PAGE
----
050218 Blood Pressure Basics The effects of exercise on blood pressure
By Danny M. O’Dell, M.A. CSCS
High blood pressure is the direct cause of thousands of needless deaths a year. Here are just a few of the facts about hypertension.
Dr. Laura Svetkey, director of the Duke Hypertension Center at Duke University states. “Americans can keep blood pressure low if they: keep trim, exercise, cut back on saturated fats, limit alcohol and sodium, increase dietary potassium and eat plenty of fruit and vegetables”. http://www.bupa.co.uk/
There are positive, and negative, effects on our blood pressure when we exercise or exert ourselves physically and/or mentally.
Blood pressure is the measure of the force of the blood pushing against the walls of the arteries. Hypertension is the medical term for high blood pressure. One in FIVE Americans has Hypertension. Many do not even know they have it, thus the term “the silent killer” It is not uncommon for young people to have hypertension.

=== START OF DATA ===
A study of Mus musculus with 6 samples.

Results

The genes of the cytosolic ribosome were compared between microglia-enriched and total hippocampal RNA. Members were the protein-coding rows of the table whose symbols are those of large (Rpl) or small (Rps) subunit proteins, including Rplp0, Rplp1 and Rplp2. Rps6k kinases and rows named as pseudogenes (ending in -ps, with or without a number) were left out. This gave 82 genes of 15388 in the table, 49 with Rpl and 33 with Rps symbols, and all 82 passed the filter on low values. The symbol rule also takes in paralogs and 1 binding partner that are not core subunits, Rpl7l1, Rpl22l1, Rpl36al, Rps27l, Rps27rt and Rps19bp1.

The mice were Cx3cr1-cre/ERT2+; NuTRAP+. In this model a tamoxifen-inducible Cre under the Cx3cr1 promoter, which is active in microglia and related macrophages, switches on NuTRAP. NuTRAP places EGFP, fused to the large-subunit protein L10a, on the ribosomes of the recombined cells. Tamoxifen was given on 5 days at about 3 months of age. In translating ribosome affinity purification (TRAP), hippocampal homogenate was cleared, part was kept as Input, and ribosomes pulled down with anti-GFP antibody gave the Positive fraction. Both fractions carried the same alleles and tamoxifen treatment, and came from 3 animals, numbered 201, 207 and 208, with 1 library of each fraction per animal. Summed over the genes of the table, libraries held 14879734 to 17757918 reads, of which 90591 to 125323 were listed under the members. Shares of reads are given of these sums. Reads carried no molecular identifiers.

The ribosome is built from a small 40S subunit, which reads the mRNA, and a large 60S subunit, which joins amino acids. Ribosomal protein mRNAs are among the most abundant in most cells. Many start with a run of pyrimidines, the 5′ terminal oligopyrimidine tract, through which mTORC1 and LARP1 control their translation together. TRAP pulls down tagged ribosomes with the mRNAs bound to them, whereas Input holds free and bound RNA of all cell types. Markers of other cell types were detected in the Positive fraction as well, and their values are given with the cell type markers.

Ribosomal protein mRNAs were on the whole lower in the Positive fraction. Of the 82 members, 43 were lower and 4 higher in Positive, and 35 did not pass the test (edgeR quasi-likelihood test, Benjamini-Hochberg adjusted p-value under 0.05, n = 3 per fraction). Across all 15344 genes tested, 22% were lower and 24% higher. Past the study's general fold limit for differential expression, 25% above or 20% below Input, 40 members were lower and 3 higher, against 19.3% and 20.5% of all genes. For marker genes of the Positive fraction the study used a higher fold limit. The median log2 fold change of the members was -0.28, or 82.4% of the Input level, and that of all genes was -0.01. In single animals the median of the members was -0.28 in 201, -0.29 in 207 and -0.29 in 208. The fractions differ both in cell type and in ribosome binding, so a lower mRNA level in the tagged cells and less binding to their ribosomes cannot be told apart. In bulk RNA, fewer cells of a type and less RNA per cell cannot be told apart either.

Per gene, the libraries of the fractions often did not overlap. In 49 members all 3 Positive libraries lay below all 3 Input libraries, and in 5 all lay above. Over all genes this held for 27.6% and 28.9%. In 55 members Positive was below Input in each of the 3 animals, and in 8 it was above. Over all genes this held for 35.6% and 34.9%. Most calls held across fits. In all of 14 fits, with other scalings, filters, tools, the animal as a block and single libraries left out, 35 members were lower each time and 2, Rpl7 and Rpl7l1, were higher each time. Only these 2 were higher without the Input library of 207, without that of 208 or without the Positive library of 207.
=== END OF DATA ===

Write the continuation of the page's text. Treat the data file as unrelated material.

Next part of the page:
Blood pressure is measured by stopping the blood flow for a few seconds and then beginning again. The amount of pressure the monitor detects accurately reflects the resistance your heart is pushing against each time it beats. The monitor works in the following fashion:
The arm cuff is placed on the upper arm or forearm. The brachial artery is then pinched off to stop the flow of blood. The circulation is briefly cut off, and then the air is let out of the cuff. The first heartbeat heard is the Systolic and the last one heard is the Diastolic.
Systolic pressure is the upper number in the formula
- When the heart contracts to pump out the blood. Pressure is highest during this phase of the process
Diastolic pressure is the lower number.
- The heart relaxes after pumping. Pressure drops to its lowest point just before a new beat.
Previously pressure readings below 130/85 were considered normal.
Previously readings above 130-139 over 85-89 were considered to be in the high normal range.